At left, Maryland Lt. Gov. Anthony Brown speaks during a bill signing ceremony… ((AP, Ricky Carioti/Post)/ )
Maryland Attorney General Douglas F. Gansler told a group of campaign volunteers last month that Lt. Gov. Anthony G. Brown, his chief Democratic rival for governor, has a thin record of accomplishment and is trying to rely on his race to get elected next year.
“I mean, right now his campaign slogan is, ‘Vote for me, I want to be the first African American governor of Maryland,’ ” Gansler (D) told the group. “That’s a laudable goal, but you need a second sentence: ‘Because here’s what I’ve done, and here’s why I’ve done it.’ ”
An audio recording of the July 15 meeting — in which Gansler also spoke candidly about his campaign strategy — was provided to The Washington Post by someone not employed by either campaign. Gansler’s campaign did not dispute its authenticity but accused the Brown campaign of illegally recording Gansler’s remarks — which Brown’s aides denied.
“It’s unfortunate that Anthony Brown’s campaign has to stoop to the level of Richard Nixon and send in spies to illegally record a private campaign organizing meeting,” Gansler strategist Doug Thornell said.
Justin Schall, Brown’s campaign manager, quickly fired back, saying: “If I had said these things on tape, I’d want to change the subject, too. The Brown campaign had nothing to do with this. The only one responsible for Gansler’s comments is Doug Gansler.” He called Gansler’s remarks “out of touch with Maryland values.”
The salvos mark the first real tumult in a contest that had been relatively quiet and could show how race is likely to play an important role. With an early primary next year — in June instead of September — the Democratic contest could be the most competitive in years in Maryland, where only one Republican has won the governor’s race in a generation. Brown got off to an early start in May, named a running mate in June and began collecting endorsements. Gansler plans to officially announce his candidacy in September.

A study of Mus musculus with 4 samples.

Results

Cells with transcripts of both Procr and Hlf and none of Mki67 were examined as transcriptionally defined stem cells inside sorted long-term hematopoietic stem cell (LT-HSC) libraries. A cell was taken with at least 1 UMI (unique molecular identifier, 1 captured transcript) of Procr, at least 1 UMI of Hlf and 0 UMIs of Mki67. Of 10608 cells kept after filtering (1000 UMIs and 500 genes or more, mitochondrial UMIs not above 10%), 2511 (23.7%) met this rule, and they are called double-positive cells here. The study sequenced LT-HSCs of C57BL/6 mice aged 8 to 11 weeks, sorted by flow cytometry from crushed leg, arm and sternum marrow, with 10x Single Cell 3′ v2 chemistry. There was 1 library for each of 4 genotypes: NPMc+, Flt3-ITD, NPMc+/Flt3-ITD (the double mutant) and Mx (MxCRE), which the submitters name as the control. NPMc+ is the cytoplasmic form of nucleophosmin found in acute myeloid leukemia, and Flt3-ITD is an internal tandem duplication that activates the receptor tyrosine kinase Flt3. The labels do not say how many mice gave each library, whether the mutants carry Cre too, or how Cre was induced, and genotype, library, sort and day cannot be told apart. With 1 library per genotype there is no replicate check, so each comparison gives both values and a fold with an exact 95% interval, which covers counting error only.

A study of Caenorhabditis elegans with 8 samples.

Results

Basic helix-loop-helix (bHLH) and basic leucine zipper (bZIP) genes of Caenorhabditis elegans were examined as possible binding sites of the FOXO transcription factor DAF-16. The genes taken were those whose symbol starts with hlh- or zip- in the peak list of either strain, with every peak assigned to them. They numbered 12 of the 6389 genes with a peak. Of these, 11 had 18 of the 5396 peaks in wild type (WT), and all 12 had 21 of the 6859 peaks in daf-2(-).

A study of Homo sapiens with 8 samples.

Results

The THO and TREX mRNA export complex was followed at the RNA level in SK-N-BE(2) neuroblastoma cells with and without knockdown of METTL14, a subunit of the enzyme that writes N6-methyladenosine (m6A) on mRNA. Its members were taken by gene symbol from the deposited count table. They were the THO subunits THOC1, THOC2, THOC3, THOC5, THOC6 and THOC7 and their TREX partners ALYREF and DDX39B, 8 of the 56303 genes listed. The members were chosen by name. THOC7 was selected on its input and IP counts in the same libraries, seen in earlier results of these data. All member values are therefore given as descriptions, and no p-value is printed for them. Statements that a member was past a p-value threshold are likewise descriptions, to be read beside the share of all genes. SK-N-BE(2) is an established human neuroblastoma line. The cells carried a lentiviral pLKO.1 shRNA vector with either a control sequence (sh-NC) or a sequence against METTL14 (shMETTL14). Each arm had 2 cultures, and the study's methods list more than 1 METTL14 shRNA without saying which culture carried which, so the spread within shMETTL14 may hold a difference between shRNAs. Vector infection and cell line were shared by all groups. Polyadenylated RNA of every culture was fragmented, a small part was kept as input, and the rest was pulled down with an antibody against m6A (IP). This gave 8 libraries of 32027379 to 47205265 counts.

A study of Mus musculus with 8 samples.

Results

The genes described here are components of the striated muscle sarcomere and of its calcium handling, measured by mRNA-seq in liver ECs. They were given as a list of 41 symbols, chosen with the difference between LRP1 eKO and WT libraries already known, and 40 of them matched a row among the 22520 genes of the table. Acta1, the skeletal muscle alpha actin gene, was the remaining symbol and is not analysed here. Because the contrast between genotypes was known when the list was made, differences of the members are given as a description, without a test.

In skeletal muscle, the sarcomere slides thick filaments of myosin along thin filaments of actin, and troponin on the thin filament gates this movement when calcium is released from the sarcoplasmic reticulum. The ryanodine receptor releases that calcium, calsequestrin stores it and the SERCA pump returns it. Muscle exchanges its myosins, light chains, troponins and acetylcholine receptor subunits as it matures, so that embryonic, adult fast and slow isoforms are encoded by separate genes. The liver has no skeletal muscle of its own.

The recording is yet another example of a political figure having to explain remarks that he did not expect to be made public. In the 2012 presidential race, GOP nominee Mitt Romney had to defend his “47 percent” comments, which critics said disparaged nearly half the electorate.
During the meeting in Annapolis, Gansler spoke candidly about his views on the role of race in the 2014 campaign, as well as other aspects of the contest he had not discussed publicly before. Advisers said about 25 people attended the meeting, which was described as private.
In the 30-minute recording, Gansler disclosed that he plans to name an African American running mate from Baltimore or Prince George’s County and argued that he is better positioned to win than Brown because no lieutenant governor of Maryland has ever been elected governor. Gansler also played down the significance of several of Brown’s endorsements. At another point, he argued that he could win more of the black vote than Brown in the primary.
African Americans are certain to be a key constituency in next year’s race to replace Gov. Martin O’Malley (D). In recent elections, black voters have accounted for more than 35 percent of Democratic primary voters, according to exit polls.
“We’re asking people to look at the candidate, look at the character of the candidate, what they’ve done, and what their vision is,” Gansler said. “I can look an African American voter in the eye and say, ‘Who do you think is more likely to get your child access to an education, or your child access to a job, to give you tools?’ ”
Brown, whose father is from Jamaica and whose mother is Swiss, has talked little about his race during his campaign. He would be the first black governor of Maryland and only the third black governor elected in the United States.
Gansler has long had a reputation of being brash and blunt, and although his propensity to speak his mind has been refreshing to some, it has sparked controversy at times. As Montgomery County state’s attorney, he criticized judges whose sentences he disagreed with. And he was accused of grandstanding during the D.C. sniper case.
Although Brown did not comment directly on Gansler’s remarks, his running mate, Ken Ulman, said they crossed the line.
“This campaign isn’t about black or white, Asian or Latino, and it’s certainly not about attacking other Democrats in back-room meetings when you think no one is listening,” said Ulman, the Howard County executive. “Frankly, the voters deserve a little more respect from Doug.”
Thornell said Gansler was trying at the mid-July meeting to draw a contrast between the two leading Democrats and that he would be disappointed if anything he said was taken out of context.
“This is the latest example of a campaign that offers the people of Maryland nothing – no record of accomplishment, no ideas, nothing but insider endorsements and now, dirty tricks,” Thornell said of Brown’s team.